I ran across a little Associated Press piece in my local paper about Lithuania using Google Streetview to do searches for people who failed to report upgrades to their property for tax purposes. When I searched for the AP report, I found a piece from Baltic Business about Estonia following Lithuania's example, published December, 2012.
Tõnis Kuuse, head of the information department of the Estonian Tax Authority, said ... "It’s an additional information source that we can use to check on real estate, for instance in case when a person who has declared minimum income is living in a very valuable house."Kuuse explained that Google Streetview is only one of a number of tools the Tax Authority uses to catch tax scofflaws. Like Lithuania's tax officials, they use the streetview snapshot as the basis to alert them to go in person to look at the real estate. They have discovered instances of property owners who sell, and report the land as unimproved, sold for a much lower price. Then they spot a new building on the Google Streetview, go to inspect and prove that the plot sold for a much higher price. It's sort of an investigative tool that gives the inspectors a probable cause to look further at the case.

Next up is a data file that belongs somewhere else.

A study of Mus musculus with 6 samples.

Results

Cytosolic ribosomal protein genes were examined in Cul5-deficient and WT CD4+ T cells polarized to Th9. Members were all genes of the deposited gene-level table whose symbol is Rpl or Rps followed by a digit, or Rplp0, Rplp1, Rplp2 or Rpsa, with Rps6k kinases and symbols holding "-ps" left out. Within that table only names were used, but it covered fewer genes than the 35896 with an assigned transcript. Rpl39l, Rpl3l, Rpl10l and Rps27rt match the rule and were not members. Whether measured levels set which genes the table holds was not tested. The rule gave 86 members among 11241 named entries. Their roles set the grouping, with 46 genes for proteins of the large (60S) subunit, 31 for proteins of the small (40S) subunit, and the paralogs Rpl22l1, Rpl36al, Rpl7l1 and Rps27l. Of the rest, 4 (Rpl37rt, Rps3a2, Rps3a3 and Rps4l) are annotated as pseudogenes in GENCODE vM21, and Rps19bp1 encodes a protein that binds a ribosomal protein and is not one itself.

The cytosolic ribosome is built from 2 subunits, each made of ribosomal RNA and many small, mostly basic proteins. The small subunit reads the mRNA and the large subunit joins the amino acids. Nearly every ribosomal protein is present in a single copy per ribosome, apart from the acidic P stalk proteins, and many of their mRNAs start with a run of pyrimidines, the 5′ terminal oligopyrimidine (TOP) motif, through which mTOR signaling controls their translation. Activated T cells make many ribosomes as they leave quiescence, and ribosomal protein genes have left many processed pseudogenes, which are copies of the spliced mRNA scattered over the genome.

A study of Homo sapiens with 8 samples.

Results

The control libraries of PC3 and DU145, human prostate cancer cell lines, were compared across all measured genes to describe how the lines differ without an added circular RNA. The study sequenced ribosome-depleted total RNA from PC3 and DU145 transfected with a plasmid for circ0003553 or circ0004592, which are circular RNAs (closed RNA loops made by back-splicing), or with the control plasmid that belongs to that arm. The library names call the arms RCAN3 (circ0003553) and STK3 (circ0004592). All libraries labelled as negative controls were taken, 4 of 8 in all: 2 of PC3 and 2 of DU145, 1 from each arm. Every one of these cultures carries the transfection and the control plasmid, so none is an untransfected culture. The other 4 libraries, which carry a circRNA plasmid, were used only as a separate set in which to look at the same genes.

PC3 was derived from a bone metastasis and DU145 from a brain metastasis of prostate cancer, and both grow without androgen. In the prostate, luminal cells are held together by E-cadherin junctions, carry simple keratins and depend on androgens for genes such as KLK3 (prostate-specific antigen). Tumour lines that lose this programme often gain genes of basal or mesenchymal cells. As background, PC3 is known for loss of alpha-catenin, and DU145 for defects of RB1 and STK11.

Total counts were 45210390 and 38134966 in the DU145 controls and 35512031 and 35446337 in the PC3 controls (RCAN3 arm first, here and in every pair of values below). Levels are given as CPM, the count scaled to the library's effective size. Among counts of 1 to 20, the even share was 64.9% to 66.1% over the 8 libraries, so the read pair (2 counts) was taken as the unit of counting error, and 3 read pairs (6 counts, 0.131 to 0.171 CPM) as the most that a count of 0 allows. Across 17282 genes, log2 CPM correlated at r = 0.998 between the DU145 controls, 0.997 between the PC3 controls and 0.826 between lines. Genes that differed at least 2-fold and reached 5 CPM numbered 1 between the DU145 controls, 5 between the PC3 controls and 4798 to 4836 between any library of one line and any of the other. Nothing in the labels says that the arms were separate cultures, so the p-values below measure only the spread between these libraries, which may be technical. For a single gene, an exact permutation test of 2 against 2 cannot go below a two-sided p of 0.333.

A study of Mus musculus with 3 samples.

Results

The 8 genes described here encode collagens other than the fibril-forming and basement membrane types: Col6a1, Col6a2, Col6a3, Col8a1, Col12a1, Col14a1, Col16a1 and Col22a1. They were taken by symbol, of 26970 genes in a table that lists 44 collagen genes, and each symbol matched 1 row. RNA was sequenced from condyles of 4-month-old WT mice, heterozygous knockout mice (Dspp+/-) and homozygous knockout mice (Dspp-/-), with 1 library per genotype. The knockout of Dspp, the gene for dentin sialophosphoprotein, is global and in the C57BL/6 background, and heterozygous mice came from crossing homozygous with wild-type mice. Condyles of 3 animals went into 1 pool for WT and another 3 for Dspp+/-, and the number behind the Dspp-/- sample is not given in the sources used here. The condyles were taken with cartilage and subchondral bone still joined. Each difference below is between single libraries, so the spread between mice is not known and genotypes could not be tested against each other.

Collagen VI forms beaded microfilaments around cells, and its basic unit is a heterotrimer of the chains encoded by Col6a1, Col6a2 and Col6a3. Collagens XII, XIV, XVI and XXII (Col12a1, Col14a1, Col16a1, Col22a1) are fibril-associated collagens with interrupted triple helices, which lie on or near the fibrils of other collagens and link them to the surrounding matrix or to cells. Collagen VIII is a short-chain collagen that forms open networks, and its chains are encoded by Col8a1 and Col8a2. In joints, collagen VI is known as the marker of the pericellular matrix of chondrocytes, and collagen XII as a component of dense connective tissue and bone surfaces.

Similarly, I found a report here about Irish revenue officials using Google Streetview and Google Earth to locate similarly under-reported property taxes and real estate sales. The same blog post mentions that New York had used Google Earth to locate in-ground swimming pools that had not been reported. A report in 2010 also told of the Greek government using Google Earth to locate tax evaders. In a similar vein, the Pappas Group reported in 2010 on efforts by the Oklahoma and federal revenue officials to use social websites like Facebook and Twitter to catch tax evaders.
And TechnoBuffalo repeats much of this, but adds that the IRS seems to be planning to check citizens' e-mails for evidence of tax cheating. And it seems they believe they can do so without a warrant to uncover evidence of tax fraud.
Just in time to make you shiver for tax day.